Alex Ringler never says he hasn’t a thing to wear.
The Broadway and television actor-dancer-choreographer knows what a creative imagination and a heightened gay sensibility can do when one needs an outfit for a special occasion that will land a bullseye.
Ringler’s latest occasion was Fire Island’s annual Fourth of July “Invasion of the Pines” celebration where a ferry boatload of drag queens dressed in their most spectacular outfits from the relatively sedate community of Cherry Grove arrives at the neighboring chi-chi gay enclave where they are welcomed by throngs in thongs. For more on this, search online for the short film Invasion of the Pines.
This is not the first time the tall, tanned and svelte actor has slipped into stilettos, having appeared in several productions of La Cage Aux Folles (one at the Goodspeed Opera House in East Haddam), Pageant, and the national tour of Priscilla, Queens of the Desert. In his most elegant drag, he’s a ringer for Patrick Swayze in To Wong Foo, Thanks for Everything, Julie Newmar. His lean, taut body has also been on playful display in eight of the annual strip-a-thons, Broadway Bares, which benefits Broadway Cares/Equity Fights AIDS.
But Ringler is much more than drag. He performed on Broadway in West Side Story, toured in Cats and A Chorus Line, and returned to Goodspeed to play a bullwhip-cracking cowboy in Oklahoma! Though the pandemic curtailed work for the entertainment community, Ringler created a witty web series, Annoyingly Fit Neighbor, in which he played both himself and an insufferably sweet and buff neighbor that drives him mad. The collected five-minute episodes were featured at film festivals
Ringler can also be seen in the upcoming film Bros, starring Billy Eichner and Luke Macfarlane which is being marketed as the first gay rom-com from a major studio with an entirely LGBTQ+ cast.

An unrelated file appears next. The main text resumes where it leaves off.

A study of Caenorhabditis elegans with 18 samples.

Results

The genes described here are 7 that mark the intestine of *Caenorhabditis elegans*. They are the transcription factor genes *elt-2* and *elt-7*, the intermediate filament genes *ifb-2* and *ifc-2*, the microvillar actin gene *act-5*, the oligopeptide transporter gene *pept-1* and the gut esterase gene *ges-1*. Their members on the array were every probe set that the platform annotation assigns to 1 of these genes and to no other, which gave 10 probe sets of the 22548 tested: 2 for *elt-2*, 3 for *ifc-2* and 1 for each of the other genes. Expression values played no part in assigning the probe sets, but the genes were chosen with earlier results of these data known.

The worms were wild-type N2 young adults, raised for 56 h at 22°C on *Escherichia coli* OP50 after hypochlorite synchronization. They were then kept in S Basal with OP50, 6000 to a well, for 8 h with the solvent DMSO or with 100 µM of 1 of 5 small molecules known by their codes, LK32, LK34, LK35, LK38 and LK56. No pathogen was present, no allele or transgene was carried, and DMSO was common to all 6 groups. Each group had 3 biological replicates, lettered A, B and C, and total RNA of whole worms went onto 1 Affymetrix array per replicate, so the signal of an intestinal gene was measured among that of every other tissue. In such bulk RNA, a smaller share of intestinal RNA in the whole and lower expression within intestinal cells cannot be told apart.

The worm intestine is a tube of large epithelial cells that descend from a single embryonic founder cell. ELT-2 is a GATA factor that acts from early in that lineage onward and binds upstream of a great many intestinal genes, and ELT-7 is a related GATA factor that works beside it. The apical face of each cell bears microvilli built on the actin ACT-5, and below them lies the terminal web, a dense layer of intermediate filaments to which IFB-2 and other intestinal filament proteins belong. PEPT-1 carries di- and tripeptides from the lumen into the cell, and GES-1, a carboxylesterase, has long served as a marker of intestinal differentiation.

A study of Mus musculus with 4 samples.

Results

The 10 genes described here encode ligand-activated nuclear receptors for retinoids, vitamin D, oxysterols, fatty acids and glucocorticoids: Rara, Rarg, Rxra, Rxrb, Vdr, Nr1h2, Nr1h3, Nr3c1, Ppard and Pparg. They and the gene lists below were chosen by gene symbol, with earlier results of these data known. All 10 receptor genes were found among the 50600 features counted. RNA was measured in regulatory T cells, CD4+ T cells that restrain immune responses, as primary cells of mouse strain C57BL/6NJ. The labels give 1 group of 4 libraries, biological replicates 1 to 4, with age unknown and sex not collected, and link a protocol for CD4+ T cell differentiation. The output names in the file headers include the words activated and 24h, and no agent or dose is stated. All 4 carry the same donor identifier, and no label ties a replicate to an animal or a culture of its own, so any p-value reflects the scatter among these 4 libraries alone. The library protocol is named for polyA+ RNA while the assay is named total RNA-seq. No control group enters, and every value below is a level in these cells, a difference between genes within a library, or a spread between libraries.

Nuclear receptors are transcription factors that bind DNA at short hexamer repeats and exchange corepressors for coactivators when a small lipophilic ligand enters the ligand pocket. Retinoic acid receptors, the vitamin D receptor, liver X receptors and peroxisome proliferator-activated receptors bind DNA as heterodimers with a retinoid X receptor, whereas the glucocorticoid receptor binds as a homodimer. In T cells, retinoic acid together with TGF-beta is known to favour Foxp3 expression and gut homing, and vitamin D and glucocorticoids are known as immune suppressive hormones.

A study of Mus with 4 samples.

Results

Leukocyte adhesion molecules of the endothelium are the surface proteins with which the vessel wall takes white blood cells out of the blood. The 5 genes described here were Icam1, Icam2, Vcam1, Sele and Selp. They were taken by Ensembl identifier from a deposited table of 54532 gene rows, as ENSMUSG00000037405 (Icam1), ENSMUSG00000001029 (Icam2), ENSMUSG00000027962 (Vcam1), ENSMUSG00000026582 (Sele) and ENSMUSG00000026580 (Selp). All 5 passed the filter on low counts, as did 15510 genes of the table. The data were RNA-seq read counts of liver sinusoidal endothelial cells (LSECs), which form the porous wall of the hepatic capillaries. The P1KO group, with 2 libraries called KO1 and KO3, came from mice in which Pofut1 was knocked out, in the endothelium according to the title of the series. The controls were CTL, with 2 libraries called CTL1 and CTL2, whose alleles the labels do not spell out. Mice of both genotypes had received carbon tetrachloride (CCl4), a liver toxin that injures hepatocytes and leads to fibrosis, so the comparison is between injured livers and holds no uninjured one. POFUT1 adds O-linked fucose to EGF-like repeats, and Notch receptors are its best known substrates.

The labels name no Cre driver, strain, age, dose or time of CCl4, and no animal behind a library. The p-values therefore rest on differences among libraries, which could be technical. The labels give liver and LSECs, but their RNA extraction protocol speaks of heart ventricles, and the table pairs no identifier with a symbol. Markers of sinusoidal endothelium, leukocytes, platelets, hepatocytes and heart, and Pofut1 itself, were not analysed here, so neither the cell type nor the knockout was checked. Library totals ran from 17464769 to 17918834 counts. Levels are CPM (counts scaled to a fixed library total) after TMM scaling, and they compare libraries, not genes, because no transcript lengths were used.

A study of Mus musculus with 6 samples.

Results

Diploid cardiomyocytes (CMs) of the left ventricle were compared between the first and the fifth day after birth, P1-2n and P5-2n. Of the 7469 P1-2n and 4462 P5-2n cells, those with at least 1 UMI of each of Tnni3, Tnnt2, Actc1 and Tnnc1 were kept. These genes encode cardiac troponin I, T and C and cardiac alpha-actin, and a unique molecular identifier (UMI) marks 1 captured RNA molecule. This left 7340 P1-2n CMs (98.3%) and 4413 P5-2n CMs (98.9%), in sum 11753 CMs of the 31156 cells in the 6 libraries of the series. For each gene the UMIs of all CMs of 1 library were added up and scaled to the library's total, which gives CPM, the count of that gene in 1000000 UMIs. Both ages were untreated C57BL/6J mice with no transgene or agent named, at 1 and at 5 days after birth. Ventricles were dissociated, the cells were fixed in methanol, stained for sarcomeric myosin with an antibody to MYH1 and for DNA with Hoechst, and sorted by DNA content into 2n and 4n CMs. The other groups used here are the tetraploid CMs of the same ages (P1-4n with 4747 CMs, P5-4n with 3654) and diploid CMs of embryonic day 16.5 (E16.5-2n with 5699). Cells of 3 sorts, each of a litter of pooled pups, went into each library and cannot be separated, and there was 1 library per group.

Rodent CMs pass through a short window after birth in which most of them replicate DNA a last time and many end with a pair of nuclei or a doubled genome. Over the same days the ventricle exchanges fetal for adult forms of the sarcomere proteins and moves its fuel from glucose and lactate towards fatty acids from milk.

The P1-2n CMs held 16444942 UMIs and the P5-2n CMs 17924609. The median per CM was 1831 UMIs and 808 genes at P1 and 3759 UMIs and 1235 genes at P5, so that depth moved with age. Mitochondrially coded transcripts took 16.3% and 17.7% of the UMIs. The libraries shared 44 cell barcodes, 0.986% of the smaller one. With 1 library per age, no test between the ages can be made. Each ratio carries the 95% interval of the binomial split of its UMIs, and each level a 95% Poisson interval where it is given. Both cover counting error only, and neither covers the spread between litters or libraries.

For this past Fire Island Invasion, it was Ringer’s first time dressing up drag in a while. But what to wear when you don’t have a glam budget…or any budget for that matter?
Inspired by the way contestants fashion extravagant outfits from unconventional material on the many RuPaul’s Drag Race episodes, Ringer looked at a pile of shopping bags from Target he had collected and thought: “Fabulous.”
The distinctive red-and-white bulls-eye plastic bags were graphically bold, but did he have enough for an elegant summer gown he envisioned for his six-foot frame?
A few friends contributed their Target bags and soon Ringer has enough for a Met-gala-worthy gown for himself—and a matching Targeted harness and jockstrap for his boyfriend Philip which was made up of woven bag handles.
With glue gun in hand, and a few extra safety pins for good measure and security, Ringer crafted the plastic bags (made up of 40 per- cent recycled content) into a winning look for Lady and Lord Targét that stood out on ship and shore.
“People were pretty flabbergasted when they figured out it was made of Target shopping bags,” says Ringler. It was a fun day on the party island, but he didn’t expect the wave of “likes,” comments and shares when he posted his bag-drag pics and clips on his social media.
Has Target contacted him yet, perhaps for its holiday marketing campaign?
“Well, kind of,” says the New York-based actor. “Just this morning on my Facebook page I received a communication from them on the transformation video I just posted, saying they’d like to use this so I’m going through some channels now to see if it can be like a paid promotion for Target. I’m sure it would get a lot of hits for them, plus following Pride month, it shows they support the LGBTQ community all year round. It’s good for them and good for me. But the reason I originally did it was that it wasn’t about money. It was just about having fun.”
Still, one could imagine a holiday commercial campaign.
“There could be a ‘60s mod ready-to-wear bag dress that they could sell,” he says laughing. “I could even make a little wrap to go with it.”
Perhaps could Lady Target be the next spokesperson for the brand?
“Maybe I could even be the next Flo!” (The character in ads for Progressive Insurance.)